By Kathryn Torney

Published 14/08/2015

In total 136 people were killed across Northern Ireland and 1,430 were seriously injured
In total 136 people were killed across Northern Ireland and 1,430 were seriously injured

New statistics show the devastating impact of road deaths - and identify Fermanagh as the area in Northern Ireland with the highest death toll from collisions.

The Fermanagh deaths include six separate fatal crashes on the A4 main road out of Enniskillen, which leads to the M1 motorway.

There were three fatal collisions on the A47 from Kesh to Belleek.

Sixty-three people were seriously injured in crashes in the area during 2013 and 2014, according to research by Detail Data, a joint project between investigative news website The Detail in Belfast and the Northern Ireland Council for Voluntary Action.

Of all the 129 fatal collisions recorded across Northern Ireland over the two-year period, 74% were on rural roads where there are speed limits of over 40mph. There was only one fatal crash on a motorway.

Detail Data has analysed PSNI statistics relating to 1,321 collisions in 2013 and 2014 leading to death or serious injury of drivers, passengers, cyclists, motorcyclists and pedestrians.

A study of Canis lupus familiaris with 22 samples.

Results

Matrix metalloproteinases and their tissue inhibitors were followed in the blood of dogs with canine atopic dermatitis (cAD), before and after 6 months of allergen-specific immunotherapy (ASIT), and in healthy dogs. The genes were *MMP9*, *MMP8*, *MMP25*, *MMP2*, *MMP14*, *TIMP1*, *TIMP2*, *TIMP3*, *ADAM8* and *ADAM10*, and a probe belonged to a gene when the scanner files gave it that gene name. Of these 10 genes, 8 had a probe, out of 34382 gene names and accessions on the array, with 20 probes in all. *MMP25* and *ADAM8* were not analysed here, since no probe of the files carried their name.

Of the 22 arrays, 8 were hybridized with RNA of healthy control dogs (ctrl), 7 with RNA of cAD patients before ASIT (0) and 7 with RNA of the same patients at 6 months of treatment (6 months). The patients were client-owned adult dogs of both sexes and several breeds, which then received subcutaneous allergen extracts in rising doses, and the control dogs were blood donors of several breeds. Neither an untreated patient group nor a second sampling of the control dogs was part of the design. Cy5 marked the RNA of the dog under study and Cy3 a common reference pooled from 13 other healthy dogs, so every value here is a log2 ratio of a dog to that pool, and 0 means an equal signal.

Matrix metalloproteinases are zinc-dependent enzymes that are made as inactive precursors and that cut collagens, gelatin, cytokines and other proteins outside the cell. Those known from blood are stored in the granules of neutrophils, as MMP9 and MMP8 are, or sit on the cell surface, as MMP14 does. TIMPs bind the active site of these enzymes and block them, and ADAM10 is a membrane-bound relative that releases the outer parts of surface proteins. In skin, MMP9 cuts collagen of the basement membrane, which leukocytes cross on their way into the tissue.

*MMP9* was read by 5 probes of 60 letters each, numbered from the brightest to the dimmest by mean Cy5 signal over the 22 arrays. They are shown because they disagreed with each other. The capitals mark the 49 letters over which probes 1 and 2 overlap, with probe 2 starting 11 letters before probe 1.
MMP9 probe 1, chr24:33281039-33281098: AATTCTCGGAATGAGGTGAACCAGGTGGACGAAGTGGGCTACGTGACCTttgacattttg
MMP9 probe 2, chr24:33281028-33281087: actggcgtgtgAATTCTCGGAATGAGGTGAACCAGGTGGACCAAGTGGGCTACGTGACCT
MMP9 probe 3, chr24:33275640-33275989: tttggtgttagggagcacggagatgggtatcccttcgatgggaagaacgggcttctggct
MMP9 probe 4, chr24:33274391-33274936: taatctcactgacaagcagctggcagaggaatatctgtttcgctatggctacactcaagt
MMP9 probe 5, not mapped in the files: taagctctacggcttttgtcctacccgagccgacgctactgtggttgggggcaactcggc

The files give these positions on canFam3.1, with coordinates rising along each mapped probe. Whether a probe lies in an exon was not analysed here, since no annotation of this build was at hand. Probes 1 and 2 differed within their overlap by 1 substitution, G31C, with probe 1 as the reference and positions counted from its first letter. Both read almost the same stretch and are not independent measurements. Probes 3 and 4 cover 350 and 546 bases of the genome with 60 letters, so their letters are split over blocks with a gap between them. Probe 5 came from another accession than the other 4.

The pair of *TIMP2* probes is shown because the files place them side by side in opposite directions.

In total 136 people were killed across Northern Ireland and 1,430 were seriously injured.

Other key findings include:

  •  Almost a quarter of those killed on NI roads in the last two years were men aged between 17 and 24. Of all deaths, almost 80% were male.
  • The death toll includes 54 drivers, 25 pedestrians, 23 motorcyclists, 16 front seat passengers, 10 rear seat passengers, 7 cyclists and 1 pillion passenger.
  • Lisburn PSNI area had the highest number of crashes in total - 100. The lowest was in Cookstown, Co Tyrone - 20.
  •  There is a strong gender imbalance. 106 males were killed and 938 seriously injured in 2013 and 2014 - compared to 30 females killed and 492 seriously injured.
  • More than a quarter (27%) of those killed were 65 or over.
  •  Despite the perception that drivers are well aware of the dangers of drink-driving, it remains a serious issue. The top three principal causes of fatal collisions over the last five years in Northern Ireland were drink driving, followed by excessive speed and then inattention/attention diverted.

PSNI Inspector Rosemary Leech warned that "dangers lurk around every corner" on rural roads - including farm vehicles, walkers, slower moving vehicles and motorbikes.

She called the 136 deaths on our roads in the last two years "an appalling waste of life".

Sam Knox is a director in the Road Safety Council of Northern Ireland - a voluntary group that aims to reduce death and serious injuries through its local road safety committees.

He said families never get over road deaths. Serious injuries caused by car crashes also wreck families' lives.

The Department of the Environment has confirmed that its budget for road safety communications, grants and educational materials has been cut to just over £1m for 2015/16. This is almost half of the £1.9m allocated in 2014/15.

Read Detail Data's report in full here.